Who’s to blame for an uneven sidewalk?

Last week’s column, which addressed a question from a woman whose father fell and broke his hip at a supermarket, triggered additional questions from readers. This week, Brett in the East Bay asks whether you can bring a lawsuit for injuring yourself walking on an uneven sidewalk.

At the outset, simply because a person falls and is injured on another’s property is not sufficient to recover damages against the property owner, no matter how serious the injury. The injured person must show:

1. The defendant owned or controlled the property where the plaintiff (the person bringing the lawsuit) was injured;

2. The defendant was negligent in the use or maintenance of the property; and

3. The defendant’s negligence was a substantial factor in causing the plaintiff’s injury.

The first question — who owns the property? — is particularly relevant in regard to slip-and-fall accidents on sidewalks. In most cities in California, local ordinances state it is the responsibility of the property owner to maintain in good condition the sidewalks, curbs and gutters that border his or her property. These ordinances often specify the degree, such as three-quarters of an inch, to which cracks or uneven payment are allowed. Thus, if you fell on a cracked sidewalk in front of a private residence, the homeowner could be held liable.  

This, however, is not the end of the inquiry. Another factor to consider is what caused the damage to the sidewalk. A homeowner is responsible for repairing damage due to normal wear and deterioration. If a vehicle accident, water main break, street subsidence or roots from a city-owned tree damaged the sidewalk, then the person who caused the accident or failed to undertake repairs properly with the city may be responsible.  

Of course, if the city or a public agency is the landowner adjacent to the damaged sidewalk, the city or public agency bears responsibility to repair the sidewalk.

Brett, as you can see, these cases require a great deal of investigation. The law is somewhat complex. I suggest you contact a good trial lawyer promptly to evaluate the facts.   In California, the statute of limitations (deadline to file a lawsuit) against a public agency is extremely short.  You must file a claim within six months of the injury or risk losing your right to recover damages.

Jasmine in the Richmond District asks if you must show that the property owner knew of the hazard to bring a lawsuit.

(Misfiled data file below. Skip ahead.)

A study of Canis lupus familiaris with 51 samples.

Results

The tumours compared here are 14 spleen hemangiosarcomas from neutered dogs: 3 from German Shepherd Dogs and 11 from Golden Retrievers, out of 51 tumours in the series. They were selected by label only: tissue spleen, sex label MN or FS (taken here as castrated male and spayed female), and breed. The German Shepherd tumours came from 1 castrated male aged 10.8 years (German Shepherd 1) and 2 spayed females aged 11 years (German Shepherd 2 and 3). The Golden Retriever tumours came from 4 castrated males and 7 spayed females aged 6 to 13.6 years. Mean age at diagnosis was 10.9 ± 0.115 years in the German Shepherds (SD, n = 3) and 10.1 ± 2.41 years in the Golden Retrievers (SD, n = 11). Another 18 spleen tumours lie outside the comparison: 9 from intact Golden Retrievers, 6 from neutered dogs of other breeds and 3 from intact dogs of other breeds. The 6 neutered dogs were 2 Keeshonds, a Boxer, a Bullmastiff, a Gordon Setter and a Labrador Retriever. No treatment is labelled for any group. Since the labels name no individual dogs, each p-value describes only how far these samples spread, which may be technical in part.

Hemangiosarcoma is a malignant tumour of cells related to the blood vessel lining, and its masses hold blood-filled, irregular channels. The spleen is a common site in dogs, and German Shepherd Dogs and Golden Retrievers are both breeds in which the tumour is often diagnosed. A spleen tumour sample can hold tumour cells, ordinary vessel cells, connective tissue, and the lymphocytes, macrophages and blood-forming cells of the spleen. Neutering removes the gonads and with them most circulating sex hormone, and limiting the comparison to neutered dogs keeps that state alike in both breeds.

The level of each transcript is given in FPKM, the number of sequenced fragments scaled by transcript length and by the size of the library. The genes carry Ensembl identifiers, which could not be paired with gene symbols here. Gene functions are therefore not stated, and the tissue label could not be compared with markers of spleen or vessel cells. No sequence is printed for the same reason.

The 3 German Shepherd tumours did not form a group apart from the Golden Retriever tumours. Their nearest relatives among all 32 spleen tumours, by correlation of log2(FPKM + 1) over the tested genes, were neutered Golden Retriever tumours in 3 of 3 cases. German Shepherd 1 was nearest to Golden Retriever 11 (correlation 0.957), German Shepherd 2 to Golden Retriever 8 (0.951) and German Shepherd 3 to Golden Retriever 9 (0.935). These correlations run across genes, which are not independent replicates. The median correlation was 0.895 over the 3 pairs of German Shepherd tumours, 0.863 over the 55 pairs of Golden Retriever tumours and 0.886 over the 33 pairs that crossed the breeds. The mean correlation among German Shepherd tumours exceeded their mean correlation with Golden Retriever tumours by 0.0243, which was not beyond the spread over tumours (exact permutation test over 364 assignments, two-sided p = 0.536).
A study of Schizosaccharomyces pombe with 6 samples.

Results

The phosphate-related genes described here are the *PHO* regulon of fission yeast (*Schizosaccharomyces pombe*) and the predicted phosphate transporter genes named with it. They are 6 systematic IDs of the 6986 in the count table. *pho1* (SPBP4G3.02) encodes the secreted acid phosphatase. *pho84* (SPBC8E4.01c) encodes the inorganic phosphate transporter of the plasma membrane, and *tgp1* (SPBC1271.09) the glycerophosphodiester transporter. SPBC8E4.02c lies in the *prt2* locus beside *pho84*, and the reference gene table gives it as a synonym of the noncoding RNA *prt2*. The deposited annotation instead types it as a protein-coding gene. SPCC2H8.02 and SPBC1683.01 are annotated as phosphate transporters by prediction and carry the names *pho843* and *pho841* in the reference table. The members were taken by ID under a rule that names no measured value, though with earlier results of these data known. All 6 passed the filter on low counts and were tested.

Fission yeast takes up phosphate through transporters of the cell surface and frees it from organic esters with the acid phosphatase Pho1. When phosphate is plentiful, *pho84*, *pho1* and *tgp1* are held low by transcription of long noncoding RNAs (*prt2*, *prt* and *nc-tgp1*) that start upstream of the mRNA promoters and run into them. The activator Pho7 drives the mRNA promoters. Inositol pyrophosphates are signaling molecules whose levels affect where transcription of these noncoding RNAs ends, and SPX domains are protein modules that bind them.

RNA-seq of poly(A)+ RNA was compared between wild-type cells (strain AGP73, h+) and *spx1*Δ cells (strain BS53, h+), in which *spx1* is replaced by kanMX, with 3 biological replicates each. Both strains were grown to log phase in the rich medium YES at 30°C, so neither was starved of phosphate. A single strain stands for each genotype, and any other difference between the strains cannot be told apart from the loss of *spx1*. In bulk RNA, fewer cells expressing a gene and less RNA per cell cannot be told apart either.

Jasmine, the answer is no. In some cases, it’s clear the property owner was aware of the dangerous condition and failed to address it. In other cases, there will not be any evidence that property owner was aware of the hazard. By itself, this is not a complete defense.

Property owners have an affirmative duty to learn of the condition of their property. They must use reasonable care to discover any unsafe conditions and repair, replace or give adequate warning of any hazards.

For example, clogged gutters can send large amounts of water off a building, flooding adjacent sidewalks.  A landlord should periodically inspect and clear any debris from the gutters, particularly if there are trees or bushes next to the apartment building. A landlord who fails to inspect and clean the gutters could be held liable if a person fell on the slippery pavement during a rainstorm, even though the landlord did not know at the time that the sidewalk was flooded.

My recommendation, Brett and Jasmine, is that if you or a family member were injured in a fall is to document the dangerous condition in a way that will show its physical characteristics. Use a ruler to photograph the dimensions of the defect. Your photos should also show the path you took. Many defects are not visible to even the most careful pedestrians.

You need to preserve important evidence. Tell the property owner to preserve any video of the fall. Do not wear the shoes that you had on at the time of your fall again. Put them in a bag and store them. Your attorney may need to have the shoes examined by an expert to determine the available traction on the bottom of your shoes at the time of your fall.

Christopher B. Dolan is owner of the Dolan Law Firm. Email questions to help@dolanlawfirm.com.